Quality professional translations (apparent)

What does “quality professional translation” mean? A translation that is faithful to the last letter is generally considered “quality” – but would it be the case if the translation was going to be published in a magazine with easily readable articles that flow smoothly? Conversely, the translation of a technical text adapted to be smooth to read could be defined a “quality” job – but would it apply even if the translation was meant for scientific research, where the use of correct terminology is of the utmost importance?

“Quality professional translation” is by itself a positive term, but it tells nothing about the actual value of the service: it makes perfect sense to state that a translation costs “1,000” Euros and that it takes “15” days to complete, but “whether” and “how much” a service is “quality”, in other words good or better than others, cannot be deduced from labels such as “quality translation”, “top quality”, “premium service”, and so on.

Quality professional translations seem to be everywhere, but actually it's not like that!To ascertain the quality – meant as value – of a product it is necessary to measure its ability to meet the requirements of the buyer (fitness for use). In this respect, in order to offer “quality translations” it is necessary to start with the analysis of the customer’s requirements, thus understanding the actual benefits of the translation: it will then be straightforward to measure if and how the benefits have been attained and how much the translation has proven to be “quality”.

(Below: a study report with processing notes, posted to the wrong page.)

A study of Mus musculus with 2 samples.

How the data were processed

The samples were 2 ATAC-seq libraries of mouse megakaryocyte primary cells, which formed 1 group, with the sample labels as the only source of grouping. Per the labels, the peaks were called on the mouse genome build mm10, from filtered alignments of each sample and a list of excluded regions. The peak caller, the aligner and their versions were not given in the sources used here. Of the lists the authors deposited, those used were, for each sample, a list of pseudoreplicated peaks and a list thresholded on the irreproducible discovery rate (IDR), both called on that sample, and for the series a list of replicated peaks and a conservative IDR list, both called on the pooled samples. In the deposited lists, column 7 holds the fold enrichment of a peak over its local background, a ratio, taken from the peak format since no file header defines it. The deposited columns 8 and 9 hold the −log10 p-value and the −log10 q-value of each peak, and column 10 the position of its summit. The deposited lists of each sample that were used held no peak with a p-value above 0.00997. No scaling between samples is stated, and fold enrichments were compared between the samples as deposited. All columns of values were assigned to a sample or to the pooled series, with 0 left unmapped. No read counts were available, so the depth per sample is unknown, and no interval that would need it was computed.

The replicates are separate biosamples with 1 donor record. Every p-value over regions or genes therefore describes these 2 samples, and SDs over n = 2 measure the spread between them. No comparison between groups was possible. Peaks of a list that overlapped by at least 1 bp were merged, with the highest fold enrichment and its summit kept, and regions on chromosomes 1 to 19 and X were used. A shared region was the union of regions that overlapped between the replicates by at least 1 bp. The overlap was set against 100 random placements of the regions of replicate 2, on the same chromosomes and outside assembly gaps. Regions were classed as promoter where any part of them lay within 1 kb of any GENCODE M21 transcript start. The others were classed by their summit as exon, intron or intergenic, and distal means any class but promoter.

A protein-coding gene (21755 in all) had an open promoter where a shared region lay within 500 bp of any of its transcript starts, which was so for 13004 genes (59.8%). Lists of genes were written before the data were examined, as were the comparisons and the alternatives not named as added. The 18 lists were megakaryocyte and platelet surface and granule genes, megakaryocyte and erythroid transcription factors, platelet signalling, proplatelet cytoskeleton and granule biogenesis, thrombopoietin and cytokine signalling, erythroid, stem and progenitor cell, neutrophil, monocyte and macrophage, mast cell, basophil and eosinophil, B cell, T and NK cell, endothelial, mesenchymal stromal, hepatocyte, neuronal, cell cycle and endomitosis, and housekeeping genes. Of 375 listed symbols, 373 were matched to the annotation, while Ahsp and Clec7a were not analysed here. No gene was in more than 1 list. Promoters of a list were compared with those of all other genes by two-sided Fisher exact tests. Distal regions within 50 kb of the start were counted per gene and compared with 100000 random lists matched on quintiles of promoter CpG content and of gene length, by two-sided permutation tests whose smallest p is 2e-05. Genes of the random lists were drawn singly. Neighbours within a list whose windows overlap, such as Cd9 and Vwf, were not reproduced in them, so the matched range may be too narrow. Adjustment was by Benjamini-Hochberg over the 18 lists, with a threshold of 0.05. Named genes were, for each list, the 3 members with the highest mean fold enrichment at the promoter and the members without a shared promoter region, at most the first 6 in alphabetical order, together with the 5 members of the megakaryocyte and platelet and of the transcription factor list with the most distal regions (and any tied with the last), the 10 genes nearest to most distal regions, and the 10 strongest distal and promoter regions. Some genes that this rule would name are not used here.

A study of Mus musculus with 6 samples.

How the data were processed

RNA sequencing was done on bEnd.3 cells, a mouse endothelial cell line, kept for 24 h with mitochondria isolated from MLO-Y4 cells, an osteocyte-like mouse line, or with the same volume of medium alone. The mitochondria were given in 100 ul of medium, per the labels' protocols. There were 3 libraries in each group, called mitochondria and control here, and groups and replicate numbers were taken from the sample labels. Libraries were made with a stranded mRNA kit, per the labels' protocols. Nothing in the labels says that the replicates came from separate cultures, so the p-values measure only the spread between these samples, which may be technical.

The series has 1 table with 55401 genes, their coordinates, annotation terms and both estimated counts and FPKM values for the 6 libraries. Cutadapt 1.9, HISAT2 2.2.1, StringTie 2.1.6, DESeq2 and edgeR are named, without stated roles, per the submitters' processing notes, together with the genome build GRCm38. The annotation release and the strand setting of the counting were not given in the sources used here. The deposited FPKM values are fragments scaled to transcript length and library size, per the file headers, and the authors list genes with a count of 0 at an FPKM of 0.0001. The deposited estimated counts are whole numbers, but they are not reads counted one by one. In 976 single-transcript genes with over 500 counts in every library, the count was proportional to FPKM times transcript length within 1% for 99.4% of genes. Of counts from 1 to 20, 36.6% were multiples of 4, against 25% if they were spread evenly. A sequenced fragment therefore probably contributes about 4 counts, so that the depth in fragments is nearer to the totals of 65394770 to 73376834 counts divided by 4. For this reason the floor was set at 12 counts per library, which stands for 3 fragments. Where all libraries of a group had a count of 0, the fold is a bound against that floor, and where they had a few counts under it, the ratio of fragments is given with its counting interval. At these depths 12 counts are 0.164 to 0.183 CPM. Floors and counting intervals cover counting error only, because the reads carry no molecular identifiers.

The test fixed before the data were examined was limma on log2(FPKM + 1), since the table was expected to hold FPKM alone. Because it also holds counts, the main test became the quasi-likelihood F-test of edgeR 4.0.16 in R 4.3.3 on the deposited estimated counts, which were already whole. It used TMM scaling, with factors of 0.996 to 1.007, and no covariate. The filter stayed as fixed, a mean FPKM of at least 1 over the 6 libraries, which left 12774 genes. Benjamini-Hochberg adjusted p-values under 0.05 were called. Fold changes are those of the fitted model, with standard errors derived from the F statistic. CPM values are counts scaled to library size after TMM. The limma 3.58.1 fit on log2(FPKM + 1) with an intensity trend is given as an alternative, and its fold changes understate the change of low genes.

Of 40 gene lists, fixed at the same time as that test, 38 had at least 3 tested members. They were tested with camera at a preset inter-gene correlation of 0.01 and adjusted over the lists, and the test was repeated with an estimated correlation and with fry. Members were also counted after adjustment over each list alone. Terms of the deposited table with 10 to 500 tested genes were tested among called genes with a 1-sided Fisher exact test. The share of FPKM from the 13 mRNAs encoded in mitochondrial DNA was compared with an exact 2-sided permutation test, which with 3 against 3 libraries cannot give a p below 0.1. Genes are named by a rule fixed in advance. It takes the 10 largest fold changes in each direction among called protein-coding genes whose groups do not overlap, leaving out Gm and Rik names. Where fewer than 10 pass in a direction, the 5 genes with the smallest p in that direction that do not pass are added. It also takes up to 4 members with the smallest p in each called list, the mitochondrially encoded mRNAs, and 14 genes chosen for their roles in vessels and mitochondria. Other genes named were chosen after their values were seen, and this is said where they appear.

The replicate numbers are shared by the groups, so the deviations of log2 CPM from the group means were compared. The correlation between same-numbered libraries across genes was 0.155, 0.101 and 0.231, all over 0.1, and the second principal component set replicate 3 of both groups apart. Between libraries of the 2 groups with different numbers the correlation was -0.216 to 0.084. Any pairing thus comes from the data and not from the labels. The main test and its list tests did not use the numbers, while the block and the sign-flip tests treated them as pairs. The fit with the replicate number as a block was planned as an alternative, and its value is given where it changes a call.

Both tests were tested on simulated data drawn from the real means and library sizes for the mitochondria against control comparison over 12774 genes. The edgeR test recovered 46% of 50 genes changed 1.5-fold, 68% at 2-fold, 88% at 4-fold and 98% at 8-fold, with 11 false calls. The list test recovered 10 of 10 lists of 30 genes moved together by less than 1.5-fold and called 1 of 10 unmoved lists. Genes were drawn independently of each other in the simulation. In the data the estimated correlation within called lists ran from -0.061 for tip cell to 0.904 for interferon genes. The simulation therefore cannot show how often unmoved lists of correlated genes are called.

Therefore, it makes a lot more sense to think of the quality of the translation as its benefits, avoiding choices that look good in abstract while focusing on the actual needs. By looking beyond the empty suggestion of “quality translations”, we will find that there are many “qualities (benefits) of the translation”, from which to choose the most appropriate (accuracy, precision of technical language, smooth and readable style, ability to persuade, basic understanding, etc.). We should also point out that such benefits can be so different from each other that it is impossible to provide all of them at once: a translation meant for basic understanding only will be quick and cheap, but as a result it will not be fully accurate.

Of course the customer will typically have a perfect understanding only of time and budget requirements, so it should be up to the agency to recommend solutions that can bring to light further needs: unfortunately, building solutions that are optimized to different needs requires organizational and financial efforts that not every agency can put forth. This explains the boom of “quality translations” announcements on the Internet, but there are very few tailor made solutions.

The Foreign Friend offers our customers 6 distinct optimized services for the 6 most common requirements: Student (basic understanding), Junior (first draft), Intermediate (fidelity), Senior (readable), Copywriter (effective communications), Expert (technical jargon). For large volumes of text, where more requirements have to be satisfied, we set up custom solutions.